DERRY ~ LONDONDERRY DuPont is continuing its commitment to the next generation of NI scientists and engineers by supporting two pupils from St Mary’s College in Derry as they travel to Birmingham for a nationwide science and engineering competition.
Maeve Stillman (Year 11) and Ava Canney (Year 10) have been shortlisted as finalists in the Big Bang UK Young Scientists & Engineers Fair and will travel to Birmingham to exhibit their science projects at The National Exhibition Centre (NEC) from March 14 – 17.
The Big Bang Fair is an exhibition which focuses on science, technology, engineering and maths (STEM) in the UK and is intended to inspire 7 – 19-year olds to engage with STEM subjects through a mixture of exhibits, interactive workshops, theatre shows, and activity stands. The fair hosts national competitions which invite young people from across the UK to compete for the title of UK Young Scientist of the Year and UK Young Engineer of the Year.
DuPont, a world leader in science and engineering, and creator of Kevlar®, has a strong interest in encouraging young people to get involved in STEM subjects, as DuPont Organisation Manager Paul Kirkpatrick explained:
“Getting young people interested in science and engineering from a young age is vital if we are to inspire them to pursue a career in this field, and for this reason we are always keen to help the next generation of scientists and engineers in any way we can.
“To be shortlisted for a competition such as this is a fantastic achievement and really helps to widen young people’s horizons and engage them with STEM in a fun and exciting way. We’re proud to be supporting Maeve and Ava at The Big Bang UK Young Scientists & Engineers Fair and I would like to take this opportunity to wish them every success!”
Both pupils from St. Mary’s College in Derry will face off next month amongst the best and brightest young minds the UK has to offer as they compete to be named UK Young Scientist of the Year.
Despite the stiff competition Maeve and Ava both have plenty of experience showcasing their scientific discoveries with Maeve recently being crowned NI Young Scientist of the Year and Ava finishing runner-up.
Speaking ahead of the competition, the pupils discussed the details of their projects. Ava said:
“For my project I am investigating the amount of synthetic dyes in various foods and drinks using a homemade spectrophotometer, as researchers have shown in the past that there is a link between these synthetic dyes and ADHD and hyperactivity in children.
“This project has given me a huge insight into how chemistry is a major part of our everyday lives. I thoroughly enjoy taking part in these competitions and I am always learning new things each day,” she added.
Maeve also described her project:
“I am growing SCOBY, which stands for symbiotic culture of bacteria and yeast. This produces a cellulose material when grown. With this material I am investigating its hydrophilic properties and how to make it waterproof.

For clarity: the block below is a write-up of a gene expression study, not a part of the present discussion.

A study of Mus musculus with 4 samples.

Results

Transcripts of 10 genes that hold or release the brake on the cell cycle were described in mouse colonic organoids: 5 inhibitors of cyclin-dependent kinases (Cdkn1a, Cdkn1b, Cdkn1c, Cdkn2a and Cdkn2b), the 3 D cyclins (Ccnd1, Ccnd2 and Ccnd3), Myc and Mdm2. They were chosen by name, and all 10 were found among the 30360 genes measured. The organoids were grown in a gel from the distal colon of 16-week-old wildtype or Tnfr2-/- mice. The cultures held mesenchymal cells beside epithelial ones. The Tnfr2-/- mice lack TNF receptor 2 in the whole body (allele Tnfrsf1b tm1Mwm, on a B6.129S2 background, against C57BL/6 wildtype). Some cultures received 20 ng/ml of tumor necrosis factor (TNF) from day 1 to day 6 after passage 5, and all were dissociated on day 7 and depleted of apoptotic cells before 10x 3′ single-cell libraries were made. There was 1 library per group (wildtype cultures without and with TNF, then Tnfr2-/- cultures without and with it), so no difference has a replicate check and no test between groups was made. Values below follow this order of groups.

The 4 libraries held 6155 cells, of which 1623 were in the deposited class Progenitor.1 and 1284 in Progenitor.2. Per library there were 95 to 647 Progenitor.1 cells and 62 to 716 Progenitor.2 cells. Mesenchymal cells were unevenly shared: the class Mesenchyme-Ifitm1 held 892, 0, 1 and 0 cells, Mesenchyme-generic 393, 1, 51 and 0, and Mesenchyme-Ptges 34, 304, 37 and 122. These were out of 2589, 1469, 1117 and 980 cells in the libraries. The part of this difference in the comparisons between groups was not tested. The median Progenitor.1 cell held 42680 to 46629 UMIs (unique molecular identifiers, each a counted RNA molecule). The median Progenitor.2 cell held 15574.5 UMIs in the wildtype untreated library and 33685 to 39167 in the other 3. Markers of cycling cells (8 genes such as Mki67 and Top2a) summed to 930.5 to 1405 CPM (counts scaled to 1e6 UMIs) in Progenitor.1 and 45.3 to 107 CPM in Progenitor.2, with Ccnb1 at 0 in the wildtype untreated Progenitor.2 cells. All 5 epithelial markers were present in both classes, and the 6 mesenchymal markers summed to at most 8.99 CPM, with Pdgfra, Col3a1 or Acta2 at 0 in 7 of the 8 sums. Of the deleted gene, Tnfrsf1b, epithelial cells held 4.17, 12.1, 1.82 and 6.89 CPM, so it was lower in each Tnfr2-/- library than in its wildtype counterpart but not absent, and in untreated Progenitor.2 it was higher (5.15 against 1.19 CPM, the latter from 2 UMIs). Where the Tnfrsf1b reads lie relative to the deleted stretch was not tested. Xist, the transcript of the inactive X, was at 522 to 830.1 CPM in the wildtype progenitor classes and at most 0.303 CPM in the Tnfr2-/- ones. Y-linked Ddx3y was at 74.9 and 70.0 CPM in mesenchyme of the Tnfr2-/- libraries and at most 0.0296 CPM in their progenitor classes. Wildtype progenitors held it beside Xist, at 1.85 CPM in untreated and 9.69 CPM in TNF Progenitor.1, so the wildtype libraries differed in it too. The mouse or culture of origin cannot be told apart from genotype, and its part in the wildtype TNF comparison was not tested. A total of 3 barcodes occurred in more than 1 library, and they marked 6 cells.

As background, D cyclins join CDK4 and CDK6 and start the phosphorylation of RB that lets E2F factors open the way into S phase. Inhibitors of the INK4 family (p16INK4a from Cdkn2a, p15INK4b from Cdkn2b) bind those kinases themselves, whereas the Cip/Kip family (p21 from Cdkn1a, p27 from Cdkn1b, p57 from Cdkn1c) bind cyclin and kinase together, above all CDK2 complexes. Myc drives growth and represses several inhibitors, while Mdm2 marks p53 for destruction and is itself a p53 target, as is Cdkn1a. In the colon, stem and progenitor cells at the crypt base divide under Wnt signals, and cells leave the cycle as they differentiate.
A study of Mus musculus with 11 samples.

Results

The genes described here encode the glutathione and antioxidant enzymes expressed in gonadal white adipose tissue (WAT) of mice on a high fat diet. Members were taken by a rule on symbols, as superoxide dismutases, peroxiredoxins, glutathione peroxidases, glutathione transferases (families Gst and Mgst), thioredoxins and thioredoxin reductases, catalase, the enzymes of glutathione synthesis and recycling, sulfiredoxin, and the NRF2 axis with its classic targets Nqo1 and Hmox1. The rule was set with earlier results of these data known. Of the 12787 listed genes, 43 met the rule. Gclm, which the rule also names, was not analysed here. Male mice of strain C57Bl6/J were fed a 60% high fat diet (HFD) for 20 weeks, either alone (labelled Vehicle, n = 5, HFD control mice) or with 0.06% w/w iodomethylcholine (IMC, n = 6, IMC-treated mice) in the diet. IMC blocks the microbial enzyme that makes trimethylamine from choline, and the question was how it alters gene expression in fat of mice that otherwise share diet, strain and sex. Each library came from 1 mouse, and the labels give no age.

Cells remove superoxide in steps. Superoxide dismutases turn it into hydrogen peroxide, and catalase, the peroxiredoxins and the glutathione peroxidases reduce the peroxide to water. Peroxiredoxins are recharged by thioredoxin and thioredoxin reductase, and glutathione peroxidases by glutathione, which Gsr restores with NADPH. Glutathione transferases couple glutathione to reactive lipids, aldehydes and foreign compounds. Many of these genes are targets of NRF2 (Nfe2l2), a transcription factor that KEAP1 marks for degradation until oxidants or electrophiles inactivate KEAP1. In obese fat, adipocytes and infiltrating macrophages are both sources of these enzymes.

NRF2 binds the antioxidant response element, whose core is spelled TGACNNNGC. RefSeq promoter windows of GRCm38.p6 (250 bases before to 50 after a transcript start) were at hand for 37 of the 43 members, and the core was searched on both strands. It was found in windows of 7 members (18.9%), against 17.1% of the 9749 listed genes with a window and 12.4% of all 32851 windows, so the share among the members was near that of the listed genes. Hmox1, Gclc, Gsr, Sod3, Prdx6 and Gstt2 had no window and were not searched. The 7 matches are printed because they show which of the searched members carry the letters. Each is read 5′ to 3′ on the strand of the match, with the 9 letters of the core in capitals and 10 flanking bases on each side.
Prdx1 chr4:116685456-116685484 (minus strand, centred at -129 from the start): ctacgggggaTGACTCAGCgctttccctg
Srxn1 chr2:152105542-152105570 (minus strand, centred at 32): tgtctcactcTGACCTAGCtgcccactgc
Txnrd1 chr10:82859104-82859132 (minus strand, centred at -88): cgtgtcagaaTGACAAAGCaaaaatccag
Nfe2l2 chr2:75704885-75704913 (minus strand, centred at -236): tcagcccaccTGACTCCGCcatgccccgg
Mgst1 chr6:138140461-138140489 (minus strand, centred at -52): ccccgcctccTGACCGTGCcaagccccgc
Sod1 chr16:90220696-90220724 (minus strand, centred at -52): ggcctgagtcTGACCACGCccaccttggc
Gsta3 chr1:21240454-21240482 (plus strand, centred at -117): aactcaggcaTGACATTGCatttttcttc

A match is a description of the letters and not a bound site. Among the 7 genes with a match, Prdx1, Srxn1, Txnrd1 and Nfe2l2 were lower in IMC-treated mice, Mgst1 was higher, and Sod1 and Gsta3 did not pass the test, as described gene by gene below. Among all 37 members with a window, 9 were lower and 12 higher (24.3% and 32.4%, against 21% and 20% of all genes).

“I work on this project every Wednesday after school in the Chemistry Club which gives me amazing opportunities to explore my scientific questions in a supportive atmosphere.”
DuPont (NYSE: DD) has been bringing world-class science and engineering to the global marketplace in the form of innovative products, materials, and services since 1802. The company believes that by collaborating with customers, governments, NGOs, and thought leaders we can help find solutions to such global challenges as providing enough healthy food for people everywhere, decreasing dependence on fossil fuels, and protecting life and the environment. For additional information about DuPont and its commitment to inclusive innovation, please visit http://www.dupont.com.
MEDIA ENQUIRIES: For further information please contact Cathal Delea of Duffy Rafferty Communications on Belfast (028) 9073 0880 or email firstname.lastname@example.org
NOTES TO EDITORS:
In 1957, DuPont UK Ltd announced plans to build a neoprene plant on a former naval airfield at Maydown, seven miles from Derry~Londonderry, Northern Ireland. Construction started that same year. Since it began operations, in addition to neoprene, Maydown manufactured Orlon® (from 1968) Lycra® (from 1969) and Hypalon®. These products have subsequently ceased production or, in the case of Lycra®, transferred ownership. DuPont now produces Kevlar®.
Uses for Kevlar®
On land – Architects, engineers, and builders incorporate cables of Kevlar® into light suspension bridges because Kevlar® is stronger and lighter than steel on an equal-weight basis, and does not corrode. Cables made of Kevlar® help enable elevators to use smaller pulleys than they would have to use for steel cables, and subsequently require less energy and space to operate. Additionally, it is possible to have longer cable lengths because of the lightweight, high-strength properties.
At sea – In seawater, ropes with Kevlar® are up to 95% lighter than steel ropes of comparable strength. Salvage ropes, ice safety barriers, towed and stationary arrays, umbilical hoses, fibre optic cables, escape chutes, orbital straps, and tow ropes have incorporated Kevlar® to help increase strength and reduce weight. Lightweight rope constructions based on Kevlar® fibre help enable rescue services to handle and deploy equipment far more easily — often saving valuable seconds.
In space – Kevlar® fibre has proven that it is strong enough to survive the extreme forces and temperature fluctuations of space travel. When the Mars Pathfinder landed on the surface of Mars, ropes made of Kevlar® helped secure the inflated landing cushions (which were themselves reinforced with Kevlar® fibre) that allowed it to complete its 40-million-mile journey fully intact and ready to explore the planet. Kevlar® is also used in the space shuttle to help protect against impacts from orbital debris.